A good short (6 minute) documentary here about the aerial photography based intelligence about the V weapons in WW2. Well worth a watch. Related to this and mentioned in the film was Constance Babington-Smith.
I blogged about a related operation, here, and the remarkable technical intelligence operation to recover a V2 from Poland.
Further to that, I’ve just come across this fascinating story – apparently some test rockets (six V-1s and a V-2) launched from Peenemunde that the Germans expected to have been lost in the Baltic, actually landed in Sweden. They were recovered secretly by the Swedish military and underwent technical exploitation with the technical insights contributing to Swedish technical missile programs. I wish I read Swedish, because the technical intelligence reports of the exploitation are now available.
It is apparent that the British tried to set up a clandestine SIGINT facility in Sweden to exploit the test flights, and the radio communications to the V-2s from the Peenemunde test flights. It’s also apparent that once they had exploited their V-2, the Swedes transferred the captured missile to London. I’m amused too that perhaps in an attempt to demoralise the Germans, the full technical details of the V-2 were published in “the Illustrated London News” in September 1944.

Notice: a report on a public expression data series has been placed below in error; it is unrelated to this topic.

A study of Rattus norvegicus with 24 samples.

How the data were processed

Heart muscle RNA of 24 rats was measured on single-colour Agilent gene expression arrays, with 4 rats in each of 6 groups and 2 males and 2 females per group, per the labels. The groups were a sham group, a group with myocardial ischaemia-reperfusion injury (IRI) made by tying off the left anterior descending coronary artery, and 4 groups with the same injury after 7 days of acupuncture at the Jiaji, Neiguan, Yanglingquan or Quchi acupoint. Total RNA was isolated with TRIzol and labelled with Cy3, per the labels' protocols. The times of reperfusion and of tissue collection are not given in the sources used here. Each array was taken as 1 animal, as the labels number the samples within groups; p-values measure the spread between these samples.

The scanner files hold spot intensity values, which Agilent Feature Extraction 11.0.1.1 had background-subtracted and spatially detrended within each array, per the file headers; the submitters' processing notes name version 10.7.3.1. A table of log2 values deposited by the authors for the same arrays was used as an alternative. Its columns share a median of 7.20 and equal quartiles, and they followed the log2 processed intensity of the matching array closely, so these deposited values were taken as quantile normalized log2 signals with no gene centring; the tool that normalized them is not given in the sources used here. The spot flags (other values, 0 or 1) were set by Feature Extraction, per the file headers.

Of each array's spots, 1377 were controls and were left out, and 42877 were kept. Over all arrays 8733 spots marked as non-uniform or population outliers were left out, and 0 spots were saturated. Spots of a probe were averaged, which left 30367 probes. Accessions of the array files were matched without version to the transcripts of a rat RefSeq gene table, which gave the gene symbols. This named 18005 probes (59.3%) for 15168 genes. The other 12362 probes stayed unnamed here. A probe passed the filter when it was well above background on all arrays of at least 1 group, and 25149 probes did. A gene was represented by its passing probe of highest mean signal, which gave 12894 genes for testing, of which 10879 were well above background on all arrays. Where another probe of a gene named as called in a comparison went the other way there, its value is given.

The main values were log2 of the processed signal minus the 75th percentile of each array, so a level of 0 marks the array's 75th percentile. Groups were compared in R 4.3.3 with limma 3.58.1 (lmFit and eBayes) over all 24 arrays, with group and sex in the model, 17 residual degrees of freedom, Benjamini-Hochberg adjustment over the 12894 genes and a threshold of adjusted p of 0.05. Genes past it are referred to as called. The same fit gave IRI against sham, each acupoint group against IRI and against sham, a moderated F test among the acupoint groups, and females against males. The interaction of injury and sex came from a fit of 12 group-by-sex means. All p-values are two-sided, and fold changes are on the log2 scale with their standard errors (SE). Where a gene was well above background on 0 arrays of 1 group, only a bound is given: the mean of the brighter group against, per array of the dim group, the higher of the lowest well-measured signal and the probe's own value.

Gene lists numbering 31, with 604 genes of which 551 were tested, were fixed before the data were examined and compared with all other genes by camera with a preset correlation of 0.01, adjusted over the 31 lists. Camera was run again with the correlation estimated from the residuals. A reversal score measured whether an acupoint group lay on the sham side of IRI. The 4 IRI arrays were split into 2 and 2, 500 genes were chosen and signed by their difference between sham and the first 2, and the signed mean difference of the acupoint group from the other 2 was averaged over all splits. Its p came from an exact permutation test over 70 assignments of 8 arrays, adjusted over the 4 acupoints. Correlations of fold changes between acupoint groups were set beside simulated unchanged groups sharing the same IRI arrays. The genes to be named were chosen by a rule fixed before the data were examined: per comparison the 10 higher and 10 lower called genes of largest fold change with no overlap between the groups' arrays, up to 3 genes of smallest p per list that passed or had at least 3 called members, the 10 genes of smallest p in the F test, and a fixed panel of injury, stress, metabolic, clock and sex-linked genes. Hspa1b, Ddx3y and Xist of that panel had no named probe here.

In parallel with that the Russians put together a technical intelligence unit, after a personal request from Churchill to Stalin to capture and preserve any hardware found as the Russians advanced across Poland. (The V weapons were not used against Russian forces, at Hitler’s direction.) Churchill also asked if British technical intelligence experts could accompany the Russians as they entered the Polish town of Debica, were a German test site had been established. Stalin agreed, but only after a delay which allowed the Russians to exploit the material first – “first come, first served!”. Details of the Russian efforts are here . (and here) Also note that the British gave a crashed V-1 to Russia to exploit, which they copied, as they did the gift of a B-29. It’s clear that by 1944, all the Allies had quite extensive efforts to capture and exploit enemy materiel. I’ll blog more about these WW2 efforts in the future.
The US and Russia both exploited German rocket technology significantly – and on a much smaller scale so did the British with Operation Backfire. (more here) The Brits actually launched three V-2s from Cuxhaven.
For you IMSL data hounds – there’s some lovely data here on V2 launches etc.